Critics say the practice unfairly targets minorities and was a violation of the 4th amendment of the US Constitution.
The judge accused the police department's senior officials of violating law "through their deliberate indifference to unconstitutional stops, frisks and searches," according to CBS News.
The NY Times reports about the practice: "Officers often frisked these people, usually young minority men, for weapons or searched their pockets for contraband, like drugs, before letting them go, according to the 195-page decision."
The text of the 4th Amendment to the US Constitution reads:
"The right of the people to be secure in their persons, houses, papers, and effects, against unreasonable searches and seizures, shall not be violated, and no Warrants shall issue, but upon probable cause, supported by Oath or affirmation, and particularly describing the place to be searched, and the persons or things to be seized."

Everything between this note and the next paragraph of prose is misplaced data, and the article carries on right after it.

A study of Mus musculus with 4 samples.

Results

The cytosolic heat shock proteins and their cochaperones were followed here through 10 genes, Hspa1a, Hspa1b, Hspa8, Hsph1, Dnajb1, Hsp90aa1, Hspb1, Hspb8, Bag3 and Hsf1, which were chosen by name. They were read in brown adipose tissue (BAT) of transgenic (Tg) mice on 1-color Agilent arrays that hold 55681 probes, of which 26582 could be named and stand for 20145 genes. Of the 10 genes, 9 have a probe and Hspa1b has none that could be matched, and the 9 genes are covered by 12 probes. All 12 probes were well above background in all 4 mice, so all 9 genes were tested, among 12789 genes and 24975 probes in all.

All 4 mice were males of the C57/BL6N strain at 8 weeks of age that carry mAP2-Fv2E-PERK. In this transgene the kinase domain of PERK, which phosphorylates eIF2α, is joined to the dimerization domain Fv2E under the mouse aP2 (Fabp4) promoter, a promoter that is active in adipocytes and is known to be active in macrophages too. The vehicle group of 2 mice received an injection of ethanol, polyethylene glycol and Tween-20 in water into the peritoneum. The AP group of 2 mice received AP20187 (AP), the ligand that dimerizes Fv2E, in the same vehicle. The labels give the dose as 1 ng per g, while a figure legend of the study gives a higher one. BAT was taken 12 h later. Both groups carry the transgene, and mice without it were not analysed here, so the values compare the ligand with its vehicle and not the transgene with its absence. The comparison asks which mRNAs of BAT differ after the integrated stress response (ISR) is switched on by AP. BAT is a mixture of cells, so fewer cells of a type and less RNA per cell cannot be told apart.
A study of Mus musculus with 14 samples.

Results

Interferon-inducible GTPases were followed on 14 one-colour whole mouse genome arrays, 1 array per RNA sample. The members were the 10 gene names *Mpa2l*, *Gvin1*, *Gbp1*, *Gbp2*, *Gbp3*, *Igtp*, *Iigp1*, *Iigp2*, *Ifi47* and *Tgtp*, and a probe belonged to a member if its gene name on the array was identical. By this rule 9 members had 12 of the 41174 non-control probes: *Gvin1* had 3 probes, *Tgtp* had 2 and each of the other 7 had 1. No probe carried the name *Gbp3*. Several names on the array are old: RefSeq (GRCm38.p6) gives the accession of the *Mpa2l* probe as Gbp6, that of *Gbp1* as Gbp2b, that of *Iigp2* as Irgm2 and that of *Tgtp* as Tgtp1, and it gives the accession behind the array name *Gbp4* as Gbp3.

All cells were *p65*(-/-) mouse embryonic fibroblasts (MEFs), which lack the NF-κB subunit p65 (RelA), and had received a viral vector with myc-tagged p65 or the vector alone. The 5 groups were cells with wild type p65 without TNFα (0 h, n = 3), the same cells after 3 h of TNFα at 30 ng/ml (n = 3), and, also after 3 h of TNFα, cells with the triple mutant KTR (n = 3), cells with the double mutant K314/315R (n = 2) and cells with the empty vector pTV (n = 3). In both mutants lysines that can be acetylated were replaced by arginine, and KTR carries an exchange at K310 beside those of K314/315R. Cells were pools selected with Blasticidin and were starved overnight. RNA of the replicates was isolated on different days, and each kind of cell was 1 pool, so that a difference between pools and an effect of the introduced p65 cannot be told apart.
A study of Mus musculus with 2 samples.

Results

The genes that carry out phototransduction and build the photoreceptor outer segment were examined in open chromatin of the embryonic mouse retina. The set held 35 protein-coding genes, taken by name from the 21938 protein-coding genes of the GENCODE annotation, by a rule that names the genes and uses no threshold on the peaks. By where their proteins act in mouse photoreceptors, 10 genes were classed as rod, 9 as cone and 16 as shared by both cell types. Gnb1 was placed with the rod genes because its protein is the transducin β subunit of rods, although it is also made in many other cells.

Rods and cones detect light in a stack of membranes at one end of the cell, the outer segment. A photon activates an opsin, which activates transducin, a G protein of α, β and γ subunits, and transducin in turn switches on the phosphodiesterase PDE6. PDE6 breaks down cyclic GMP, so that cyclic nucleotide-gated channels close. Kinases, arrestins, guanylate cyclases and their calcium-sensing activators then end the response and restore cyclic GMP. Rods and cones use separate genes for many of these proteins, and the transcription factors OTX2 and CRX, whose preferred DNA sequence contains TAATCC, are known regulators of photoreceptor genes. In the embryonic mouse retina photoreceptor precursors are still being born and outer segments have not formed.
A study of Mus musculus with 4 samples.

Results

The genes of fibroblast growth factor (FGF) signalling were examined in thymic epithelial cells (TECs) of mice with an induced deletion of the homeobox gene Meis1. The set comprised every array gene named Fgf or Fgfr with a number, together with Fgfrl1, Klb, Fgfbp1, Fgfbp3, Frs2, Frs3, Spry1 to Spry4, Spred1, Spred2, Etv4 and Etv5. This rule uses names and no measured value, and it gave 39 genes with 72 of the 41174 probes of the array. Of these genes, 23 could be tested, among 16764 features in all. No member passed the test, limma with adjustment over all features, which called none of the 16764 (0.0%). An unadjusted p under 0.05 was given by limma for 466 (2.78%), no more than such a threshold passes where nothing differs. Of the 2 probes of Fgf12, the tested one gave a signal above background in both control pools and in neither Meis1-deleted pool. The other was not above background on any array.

The ruling comes just weeks after revelations that the NSA and other federal departments collect vast amounts of data on millions of Americans, which has also been the source of controversy and concern about privacy rights.
If you’re reading this article, it’s thanks to the generosity of people like you, who have made Aleteia possible.
Here are some numbers:
- 20 million users around the world read Aleteia.org every month
- Aleteia is published every day in eight languages: English, French, Arabic, Italian, Spanish, Portuguese, Polish, and Slovenian
- Each month, readers view more than 50 million pages
- Nearly 4 million people follow Aleteia on social media
- Each month, we publish 2,450 articles and around 40 videos
- We have 60 full time staff and approximately 400 collaborators (writers, translators, photographers, etc.)
As you can imagine, these numbers represent a lot of work. We need you.
Support Aleteia with as little as $1. It only takes a minute. Thank you!